Relative Clauses and Relative Pronouns
Relative Pronouns are used to introduce Relative Clauses. Relative clauses are used to say which person or thing we are talking about, or give extra information
Relative Pronouns (who, which, that, where, whom, whose, why, what, when) are used to introduce Relative Clauses. Relative clauses are used to say which person or thing we are talking about, or give extra information. Relative Clauses can be defining or non-defining.
Defining Relative Clauses
A defining relative clause identifies the noun to which the relative pronoun refers. It explains 'which person..?' or 'which thing?' Defining clauses are not separated from the rest of of the sentence by commas.
The woman who won the lottery this week lives in Milano.
The computer that I used to write this is six years old.
Non-Defining Relative Clauses
A non-defining relative clause gives extra information about a noun that has already been identified. A non-defining clause is separated from the rest of the sentence with commas.
My mother, who lives in France, is coming to visit me next week.
My computer, which was originally bought to do graphics work, is very fast.
Subject Relative Pronouns
When the relative pronoun serves as the subject, we use:
|Animals / Things
|Who / That
|That / Which (UK)
That or Which?
'That' is normally used instead of 'which' after superlatives and after the following words; All, Much, None, Little, Few, Only, Nothing, Everything, Something, Anything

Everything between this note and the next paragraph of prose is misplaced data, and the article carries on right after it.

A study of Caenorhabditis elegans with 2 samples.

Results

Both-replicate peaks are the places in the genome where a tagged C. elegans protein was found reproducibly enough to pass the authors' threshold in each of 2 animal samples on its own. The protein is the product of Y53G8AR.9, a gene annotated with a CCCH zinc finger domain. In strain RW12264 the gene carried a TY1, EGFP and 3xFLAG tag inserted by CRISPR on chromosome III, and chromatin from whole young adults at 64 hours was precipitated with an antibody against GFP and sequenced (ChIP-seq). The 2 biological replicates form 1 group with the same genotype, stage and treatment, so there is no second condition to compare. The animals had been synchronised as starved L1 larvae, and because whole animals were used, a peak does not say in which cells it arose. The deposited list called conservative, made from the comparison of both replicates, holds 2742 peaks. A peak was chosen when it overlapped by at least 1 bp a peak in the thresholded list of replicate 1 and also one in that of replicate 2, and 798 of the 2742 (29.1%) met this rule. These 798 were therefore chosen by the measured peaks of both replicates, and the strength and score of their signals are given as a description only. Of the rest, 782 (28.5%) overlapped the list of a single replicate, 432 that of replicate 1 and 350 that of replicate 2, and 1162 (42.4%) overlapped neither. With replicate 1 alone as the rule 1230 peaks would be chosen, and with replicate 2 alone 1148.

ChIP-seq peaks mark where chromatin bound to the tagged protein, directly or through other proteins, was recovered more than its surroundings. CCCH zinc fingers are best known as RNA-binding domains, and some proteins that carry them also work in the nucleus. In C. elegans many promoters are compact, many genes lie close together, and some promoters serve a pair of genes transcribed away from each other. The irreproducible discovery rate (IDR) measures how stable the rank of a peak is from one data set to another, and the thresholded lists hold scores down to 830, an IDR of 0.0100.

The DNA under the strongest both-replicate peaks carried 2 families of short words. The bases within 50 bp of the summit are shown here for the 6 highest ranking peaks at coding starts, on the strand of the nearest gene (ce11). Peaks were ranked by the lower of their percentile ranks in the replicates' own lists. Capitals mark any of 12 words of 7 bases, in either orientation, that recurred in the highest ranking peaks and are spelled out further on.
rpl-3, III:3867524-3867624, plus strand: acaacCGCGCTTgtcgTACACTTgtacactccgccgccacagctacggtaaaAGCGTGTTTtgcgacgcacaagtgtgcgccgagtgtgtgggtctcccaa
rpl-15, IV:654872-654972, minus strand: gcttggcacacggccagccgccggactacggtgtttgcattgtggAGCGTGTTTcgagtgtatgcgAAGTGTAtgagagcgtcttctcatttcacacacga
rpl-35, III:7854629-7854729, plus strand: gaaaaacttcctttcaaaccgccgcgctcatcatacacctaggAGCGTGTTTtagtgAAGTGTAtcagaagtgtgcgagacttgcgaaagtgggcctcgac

I've done everything that is possible to help him.
This is the best digital camera that you can buy at the moment.
Mr Smith, who lives in Paris, has been a writer for 20 years.
Their company, which is the biggest in England, has won an award for innovation.
Object Relative Pronouns
When the relative pronoun serves as the object, we use:
|Animals / Things
|Who / That / No pronoun
|Which / That / No pronoun
|Who / Whom
Prepositions go at the end of the relative clause. In formal language, Whom is used instead of Who.
The sales representative who/that I contacted came to my office today.
The television that/which I bought was made in Japan.
The waiter who/that I gave the money to is over there.
The company which/that I work for has an office in Singapore.
In spoken English the object relative pronoun in defining clauses is often omitted. However, in non-defining clauses, we can't use 'that' and we can't omit the object pronoun. Prepositions come before 'whom' but at the end of a clause starting with 'who' or 'which'.
The Mayor, who/whom we heard on the radio, is visiting us tomorrow.
My motorbike, which I paid £1000 for, is still working perfectly.
'Whose' is a possessive relative pronoun. Whose relates to people but can also be used for animals and things. It can be used in defining and non-defining clauses.
He is the man whose daughter got married yesterday.
Peter, whose wife won the lottery, has just resigned from his job.
The students, whose exam grades were excellent, are having a celebratory party tonight.